Sound recording of the lecture.
From “Foundation of Libertarian Ethics” by Frederick Long (the lectures after this one focus more on morality and are worth watching/listening; the preceding lectures would be difficult to follow and are not too relevant).
Now, I don’t agree with much or most of what is said — but I think it’s important to hear an argument well presented in order to understand why one is against it. Not that this is the case regarding all of the lecture, but near the end, an interesting explanation why utilitarian approach to morality (so-called “relative morality”) is wrong from praxiological point of view (from the axiomatic system of human behavior).
Overall, I don’t find morality argument (one cannot create a system of morality that makes sense on the individual level without absolute source of morality — namely, G-d) a very convincing proof of G-d. Even if it is true that no absolute morality exists without G-d, so what? It only means that we live in a world where it cannot make sense on a personal to necessarily treat people nicely (and then, the society dissolves, or we get anarchy which works out for the best, or we get society spontaneously reversing into most of its people living with a religious belief in the existence of absolute morality). This is just like the question about life after death of purpose of life — without G-d, these is none. So? Yes, it sucks, but that alone is not a proof of anything.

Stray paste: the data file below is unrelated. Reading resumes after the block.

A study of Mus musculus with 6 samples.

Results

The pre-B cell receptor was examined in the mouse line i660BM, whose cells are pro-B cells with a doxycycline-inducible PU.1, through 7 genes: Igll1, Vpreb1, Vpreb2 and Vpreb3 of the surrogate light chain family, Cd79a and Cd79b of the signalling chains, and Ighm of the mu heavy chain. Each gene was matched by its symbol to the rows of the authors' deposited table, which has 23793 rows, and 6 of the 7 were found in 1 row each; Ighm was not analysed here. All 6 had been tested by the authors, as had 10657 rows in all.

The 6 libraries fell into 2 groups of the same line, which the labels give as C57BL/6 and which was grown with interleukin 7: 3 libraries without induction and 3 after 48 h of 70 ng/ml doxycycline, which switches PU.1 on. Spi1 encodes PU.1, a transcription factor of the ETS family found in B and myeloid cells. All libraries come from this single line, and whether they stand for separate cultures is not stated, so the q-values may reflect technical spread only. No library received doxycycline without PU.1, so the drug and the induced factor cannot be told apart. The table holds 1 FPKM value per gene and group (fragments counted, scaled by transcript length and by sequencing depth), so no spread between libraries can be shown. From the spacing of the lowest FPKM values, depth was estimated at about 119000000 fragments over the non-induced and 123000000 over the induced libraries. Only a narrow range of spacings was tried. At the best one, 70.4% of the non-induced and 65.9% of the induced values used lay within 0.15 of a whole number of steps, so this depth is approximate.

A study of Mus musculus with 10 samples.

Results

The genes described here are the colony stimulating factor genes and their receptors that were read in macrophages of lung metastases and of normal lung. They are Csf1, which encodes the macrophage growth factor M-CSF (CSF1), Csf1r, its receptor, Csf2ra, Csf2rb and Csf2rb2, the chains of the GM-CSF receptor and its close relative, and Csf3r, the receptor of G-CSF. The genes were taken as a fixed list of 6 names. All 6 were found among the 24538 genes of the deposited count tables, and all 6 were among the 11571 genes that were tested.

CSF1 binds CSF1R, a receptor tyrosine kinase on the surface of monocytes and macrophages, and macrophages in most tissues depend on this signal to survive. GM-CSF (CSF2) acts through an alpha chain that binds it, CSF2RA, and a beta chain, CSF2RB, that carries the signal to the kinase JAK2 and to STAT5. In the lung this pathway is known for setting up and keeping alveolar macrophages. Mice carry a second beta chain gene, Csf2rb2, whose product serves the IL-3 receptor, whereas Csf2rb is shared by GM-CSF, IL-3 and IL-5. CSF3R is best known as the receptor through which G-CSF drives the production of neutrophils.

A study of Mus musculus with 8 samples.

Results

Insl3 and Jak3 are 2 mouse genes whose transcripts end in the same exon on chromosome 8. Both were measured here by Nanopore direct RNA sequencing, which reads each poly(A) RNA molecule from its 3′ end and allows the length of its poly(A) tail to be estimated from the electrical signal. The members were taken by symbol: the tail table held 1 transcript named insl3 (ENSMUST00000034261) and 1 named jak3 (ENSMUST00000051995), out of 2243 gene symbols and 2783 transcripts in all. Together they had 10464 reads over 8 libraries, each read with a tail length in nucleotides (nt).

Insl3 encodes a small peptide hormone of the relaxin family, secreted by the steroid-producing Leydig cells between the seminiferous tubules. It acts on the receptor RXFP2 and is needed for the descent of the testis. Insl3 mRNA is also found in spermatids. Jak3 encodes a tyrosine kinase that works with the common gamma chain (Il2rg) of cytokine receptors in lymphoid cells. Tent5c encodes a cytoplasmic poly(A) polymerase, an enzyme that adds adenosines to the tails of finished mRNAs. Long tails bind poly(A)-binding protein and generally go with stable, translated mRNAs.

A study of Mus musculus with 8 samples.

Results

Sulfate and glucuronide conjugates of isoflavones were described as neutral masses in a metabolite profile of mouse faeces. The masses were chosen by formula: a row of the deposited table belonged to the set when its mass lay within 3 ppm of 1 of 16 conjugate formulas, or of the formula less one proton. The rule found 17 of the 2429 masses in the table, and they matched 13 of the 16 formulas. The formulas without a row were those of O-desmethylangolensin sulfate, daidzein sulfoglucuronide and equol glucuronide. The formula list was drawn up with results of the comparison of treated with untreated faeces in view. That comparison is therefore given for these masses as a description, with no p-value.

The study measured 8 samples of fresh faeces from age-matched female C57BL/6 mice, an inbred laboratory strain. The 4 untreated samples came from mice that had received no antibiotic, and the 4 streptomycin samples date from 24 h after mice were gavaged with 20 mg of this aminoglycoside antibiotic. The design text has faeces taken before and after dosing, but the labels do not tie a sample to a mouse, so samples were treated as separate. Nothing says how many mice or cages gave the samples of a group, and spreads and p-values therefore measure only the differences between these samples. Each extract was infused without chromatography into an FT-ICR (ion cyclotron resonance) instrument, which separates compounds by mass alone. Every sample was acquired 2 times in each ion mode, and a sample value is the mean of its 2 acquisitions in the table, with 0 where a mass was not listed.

Conversely, if we really can construct a system of absolute morality without G-d (which I still have very serious doubts about) — again, so what? Even if morality, laws of universe, complexity, human mind, etc., etc. can exist without G-d — so what? They can be conceived to exist without G-d (if you ignore other facts); it doesn’t mean they do. Jews don’t believe in a “G-d of gaps” anyway — we have a positive reason to know about G-d’s existence, not “otherwise, things don’t make sense”.
So, I am not afraid of people proving that Universe can function without G-d, that species could originate without G-d, that morality can be defined without G-d. After all, G-d creates the world (oilam in Hebrew) in a way of concealment (chelem). I know that our tradition of revelation at Mt. Sinai cannot be explained without G-d — the alternative is too improbable.